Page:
Bill Cosby weighs in on Zimmerman case

Bill Cosby weighed in on George Zimmerman's acquittal on Thursday, telling a Virginia radio show that the prosecution did not do a good job presenting its case for second-degree murder in the killing of Trayvon Martin.

"The prosecution did not tell the story well and they lost," Cosby said in an interview with the DomNnate Radio Show. "If you're a lawyer and I'm a lawyer and I'm going up against you and we both have to talk to a jury, we present our story and I think if I don't present the story well enough, that you will win."

The 76-year-old comedian was then asked if he thought if racial profiling was used in Zimmerman's pursuit of Martin.

"Let me just tell you this man," Cosby said. "See this racial stuff goes into a whole bunch of discussion which has stuff that you can't prove. You can't prove that somebody is a racist unless they come out and do the act that is found to be that."

He continued:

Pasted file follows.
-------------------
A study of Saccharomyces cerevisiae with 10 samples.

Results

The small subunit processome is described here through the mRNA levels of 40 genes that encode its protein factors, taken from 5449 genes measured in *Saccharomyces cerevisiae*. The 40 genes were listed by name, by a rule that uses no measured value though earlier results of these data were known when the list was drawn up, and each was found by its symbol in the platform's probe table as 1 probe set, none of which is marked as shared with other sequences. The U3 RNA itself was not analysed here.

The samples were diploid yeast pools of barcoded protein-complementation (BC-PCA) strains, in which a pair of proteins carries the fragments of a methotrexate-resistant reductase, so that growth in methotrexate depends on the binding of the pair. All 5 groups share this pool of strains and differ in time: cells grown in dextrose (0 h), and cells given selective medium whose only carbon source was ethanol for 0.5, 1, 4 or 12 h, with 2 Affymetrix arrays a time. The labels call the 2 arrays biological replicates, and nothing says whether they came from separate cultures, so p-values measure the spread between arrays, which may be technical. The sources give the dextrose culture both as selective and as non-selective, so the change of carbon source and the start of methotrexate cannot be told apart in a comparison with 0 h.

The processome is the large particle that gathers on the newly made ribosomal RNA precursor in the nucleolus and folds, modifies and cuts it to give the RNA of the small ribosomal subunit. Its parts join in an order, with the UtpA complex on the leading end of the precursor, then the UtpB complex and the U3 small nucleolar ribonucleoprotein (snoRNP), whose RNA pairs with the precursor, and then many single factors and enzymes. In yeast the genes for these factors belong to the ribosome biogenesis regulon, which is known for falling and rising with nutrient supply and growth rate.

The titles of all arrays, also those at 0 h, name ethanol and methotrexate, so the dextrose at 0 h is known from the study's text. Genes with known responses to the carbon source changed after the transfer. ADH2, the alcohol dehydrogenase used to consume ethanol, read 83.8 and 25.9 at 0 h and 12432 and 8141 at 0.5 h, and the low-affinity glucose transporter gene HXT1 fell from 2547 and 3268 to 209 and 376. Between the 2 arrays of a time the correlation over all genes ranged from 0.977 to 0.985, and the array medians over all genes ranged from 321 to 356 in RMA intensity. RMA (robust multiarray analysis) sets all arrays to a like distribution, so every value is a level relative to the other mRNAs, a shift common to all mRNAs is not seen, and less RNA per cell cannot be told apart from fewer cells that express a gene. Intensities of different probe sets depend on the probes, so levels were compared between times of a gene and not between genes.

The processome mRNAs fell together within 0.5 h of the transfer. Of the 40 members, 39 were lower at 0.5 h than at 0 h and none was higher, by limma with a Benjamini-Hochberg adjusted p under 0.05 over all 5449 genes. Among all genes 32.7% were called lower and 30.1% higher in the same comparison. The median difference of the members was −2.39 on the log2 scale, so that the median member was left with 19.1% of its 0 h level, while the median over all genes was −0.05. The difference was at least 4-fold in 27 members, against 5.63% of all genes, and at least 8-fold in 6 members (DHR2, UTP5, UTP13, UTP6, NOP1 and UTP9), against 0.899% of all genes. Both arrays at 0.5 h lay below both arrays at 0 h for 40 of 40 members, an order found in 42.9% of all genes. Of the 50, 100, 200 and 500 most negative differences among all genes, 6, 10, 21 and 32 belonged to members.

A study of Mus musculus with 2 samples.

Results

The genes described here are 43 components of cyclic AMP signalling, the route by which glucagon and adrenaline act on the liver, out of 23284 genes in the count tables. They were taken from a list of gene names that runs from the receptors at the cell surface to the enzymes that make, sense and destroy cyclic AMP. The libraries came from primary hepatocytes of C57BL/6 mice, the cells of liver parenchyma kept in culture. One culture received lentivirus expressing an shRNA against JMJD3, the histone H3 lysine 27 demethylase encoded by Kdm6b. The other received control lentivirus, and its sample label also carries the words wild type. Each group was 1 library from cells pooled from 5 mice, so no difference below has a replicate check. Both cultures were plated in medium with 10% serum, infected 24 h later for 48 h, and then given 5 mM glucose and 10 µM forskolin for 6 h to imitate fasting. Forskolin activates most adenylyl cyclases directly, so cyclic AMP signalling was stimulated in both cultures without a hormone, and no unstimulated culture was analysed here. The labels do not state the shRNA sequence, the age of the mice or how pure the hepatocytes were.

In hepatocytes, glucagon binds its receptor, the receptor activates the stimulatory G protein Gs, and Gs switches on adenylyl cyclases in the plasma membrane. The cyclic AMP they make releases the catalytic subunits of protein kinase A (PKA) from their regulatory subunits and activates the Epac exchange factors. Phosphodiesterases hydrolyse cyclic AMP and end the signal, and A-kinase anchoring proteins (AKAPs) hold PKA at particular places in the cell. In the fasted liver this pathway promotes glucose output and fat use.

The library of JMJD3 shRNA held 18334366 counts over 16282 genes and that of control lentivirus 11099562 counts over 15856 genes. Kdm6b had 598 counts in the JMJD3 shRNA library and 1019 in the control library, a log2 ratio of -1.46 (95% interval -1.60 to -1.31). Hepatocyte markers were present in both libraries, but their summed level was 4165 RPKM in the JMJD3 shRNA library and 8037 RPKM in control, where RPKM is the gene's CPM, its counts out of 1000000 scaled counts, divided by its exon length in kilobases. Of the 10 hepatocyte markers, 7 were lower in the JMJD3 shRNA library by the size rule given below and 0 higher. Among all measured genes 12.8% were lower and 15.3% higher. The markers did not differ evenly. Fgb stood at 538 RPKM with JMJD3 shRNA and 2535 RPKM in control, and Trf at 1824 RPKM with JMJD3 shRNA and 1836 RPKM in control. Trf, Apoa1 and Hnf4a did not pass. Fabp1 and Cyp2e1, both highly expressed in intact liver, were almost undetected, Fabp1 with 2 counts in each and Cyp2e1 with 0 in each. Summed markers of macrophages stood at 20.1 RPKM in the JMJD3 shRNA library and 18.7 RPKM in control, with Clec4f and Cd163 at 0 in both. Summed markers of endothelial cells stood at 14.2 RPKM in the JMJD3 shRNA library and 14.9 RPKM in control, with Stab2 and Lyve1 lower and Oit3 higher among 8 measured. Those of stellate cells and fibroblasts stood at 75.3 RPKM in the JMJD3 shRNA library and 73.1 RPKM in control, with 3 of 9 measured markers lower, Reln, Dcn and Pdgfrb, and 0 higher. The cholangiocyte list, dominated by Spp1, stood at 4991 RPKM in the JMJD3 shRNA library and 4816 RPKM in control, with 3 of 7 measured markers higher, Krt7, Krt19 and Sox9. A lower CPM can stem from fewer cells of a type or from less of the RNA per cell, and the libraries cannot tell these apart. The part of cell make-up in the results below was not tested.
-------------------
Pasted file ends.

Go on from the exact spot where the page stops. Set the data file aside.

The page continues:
But I do know this. I do know this. I heard the person say, "Don't go there." You understand? Okay. "Don't do that." I know that if you have a gun, it changes your whole feeling about what you can tell people, about how people better do what you say. Your mind can turn in such a way that you have a sense of control and power. I see a thing and the so-forth and so-on doesn't look right and say 'Okay, just stay where you are and don't ...' But I got a gun. Let's not go into a racial discussion unless we really have something there. But we do know they got a gun. And we do know that the Florida state law says you have a right to defend yourself. That means both people. So you have a gun. You come up to me. I don't have a gun. But then, you show me your gun. And I become frightened. And according to the state of Florida I have a right to defend myself. According to the state of Florida the person with the gun has a right to defend him or herself. I mean, this is getting out of line.

Earlier in the interview, Cosby said he was reluctant to form an opinion based on the media's coverage of the racially-charged case.

"I would never pay attention to information given to me by media, radio, whatever, about a high profile case until the jury says what it says," he said.

Zimmerman was found not guilty of all charges in Martin's killing last week, drawing the ire of civil rights activists who believe the former neighborhood should be charged with a federal hate crime in the unarmed black teen's slaying.